Lichens not as bad for trees, shrubbery as thought

Posted 8/19/18

Among the many calls that we get at the Extension office is a fairly common complaint that my trees and or shrubs have a “crusty or mossy” growth on the limbs or bark that is killing my trees. These growths are actually lichens.


Posted

Among the many calls that we get at the Extension office is a fairly common complaint that my trees and or shrubs have a “crusty or mossy” growth on the limbs or bark that is killing my trees. These growths are actually lichens.

Lichens are very often blamed by homeowners for the decline and even death of numerous shrubs as well as landscape and fruit trees in local landscapes. That isn’t too surprising because lichens are very frequently seen on limbs, branches, and bark of declining or dead shrubs. What is surprising to find out, however, is that the lichens are not actually killing or causing the affected trees or shrubs to decline.

Actually lichens rarely have anything to do with poor top growth or decline of trees and shrubs. Their appearance is actually more related to environmental stresses or poor management. Lichens can be thought of as a symptom and not a problem much the same way as a fever is a symptom of an infection.

Lichens are actually two organisms in one so to speak. They are made up of a type of fungus and a type of blue-green algae living in symbiosis. The algae part of the lichen uses photosynthesis to make food that the lichen lives off of while the fungus supplies water, minerals, and protection from any of several harmful environmental conditions.

There are three types (actually forms) of lichens commonly found in Walker County landscapes. Crustose form lichens form a flat grayish crust on the limb or branch, folicose form lichens produce leaf-like folds above the limb, and fruiticose lichen produce and almost “moss-like” appearance with hairy fingerlike branches. It is not uncommon to see a combination of two or all three forms all growing on the same tree.

As I said earlier, the lichens themselves are usually not the problem to be worried about. The important thing to be worried about is why the tree or shrub is under enough stress or has declined to the point that the lichens can grow on it. The one exception is that when lichens grow is extremely large numbers, they can interfere with some plant processes or can actually shade out buds causing further decline.

Healthy vigorous plants is the best defense against lichens. Heavy infestations of lichens are most common on shrubs and trees that are either declining or are under stress or are in poor general health. Following recommended establishment, watering, and fertility practices will help to promote the development of a thick leaf canopy which will inhibit lichen growth.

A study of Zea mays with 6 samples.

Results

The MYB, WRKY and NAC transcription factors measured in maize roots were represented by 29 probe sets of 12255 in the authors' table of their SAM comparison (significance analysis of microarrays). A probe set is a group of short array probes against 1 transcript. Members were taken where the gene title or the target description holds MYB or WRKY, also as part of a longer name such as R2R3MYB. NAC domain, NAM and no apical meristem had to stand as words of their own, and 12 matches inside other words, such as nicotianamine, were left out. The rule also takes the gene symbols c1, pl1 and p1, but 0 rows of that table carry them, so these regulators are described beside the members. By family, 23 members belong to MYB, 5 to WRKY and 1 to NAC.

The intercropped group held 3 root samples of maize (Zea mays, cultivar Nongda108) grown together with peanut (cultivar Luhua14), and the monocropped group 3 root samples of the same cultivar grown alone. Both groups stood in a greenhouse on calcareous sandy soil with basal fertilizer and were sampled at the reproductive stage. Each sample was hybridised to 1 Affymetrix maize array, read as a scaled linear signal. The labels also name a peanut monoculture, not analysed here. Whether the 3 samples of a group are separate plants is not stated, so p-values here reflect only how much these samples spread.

Better growing conditions and soil fertility may stimulate plant growth and ultimately suppress the lichens. Light pruning (at appropriate times of the year and not during the middle of a drought of course) will help to remove some lichens and stimulate new plant growth. The unfortunate thing is that many plants that develop lichens are already in such poor condition that it may be too late for improved cultural practices to do much good. These plants will probably end up having to be replaced. Again, the main reason is usually either environmental stresses such as poor soil conditions, drought, or sometimes even simple old age in the tree or shrub but not due to the lichens themselves.

The take home lesson here is do a good job planting (not to deep, not too shallow, and plant in a WIDE hole to allow plenty of root growth) and do a good job of watering, fertilizing, liming, and pruning. You will have much healthier plants and far fewer lichens.

Presently, no pesticides are even recommended for the control of lichens on trees and shrubs, and even if they were used a simple spray will not do anything to alleviate the underlying stress that is causing the plant to decline in the first place. We have a simple rule that we teach to our Master Gardeners that goes “Put the right plant in the right place” taking into account the amount of sun verses shade, drainage, dry site verses wet site, USDA climate zone the plant is comfortable in, and others. Always do a good job on planting trees and shrubs so that they get off to a good start, and don’t forget supplemental watering during dry spells.

Last xall For 2018 Master Gardener class

The Walker County Extension Office will be offering our 2018 Master Gardener Course beginning on Thursday, Aug. 30, and running for 12 consecutive weeks through Thursday, Nov. 15. Each class will be taught at the Extension Office auditorium from 10 a.m. until 3 p.m. Home vegetable production, home orchards, soils and fertilizers, native plants, annuals and perennials, plant propagation, weed control in home gardens and landscapes, plant diseases and insects, home turfgrass, and backyard wildlife are just a few of the topics which will be covered.

The registration fee is $125 which includes all class supplies, instruction, and a copy of the newly updated Master Gardener Handbook. We will be accepting registrations through Friday, Aug. 24, 2018.

If you are interested in participating in our Master Gardener Course, call us at the Walker County Extension Office at 205-221-3392 for more details and for assistance getting registered for the upcoming class.

Danny Cain is the county extension agent.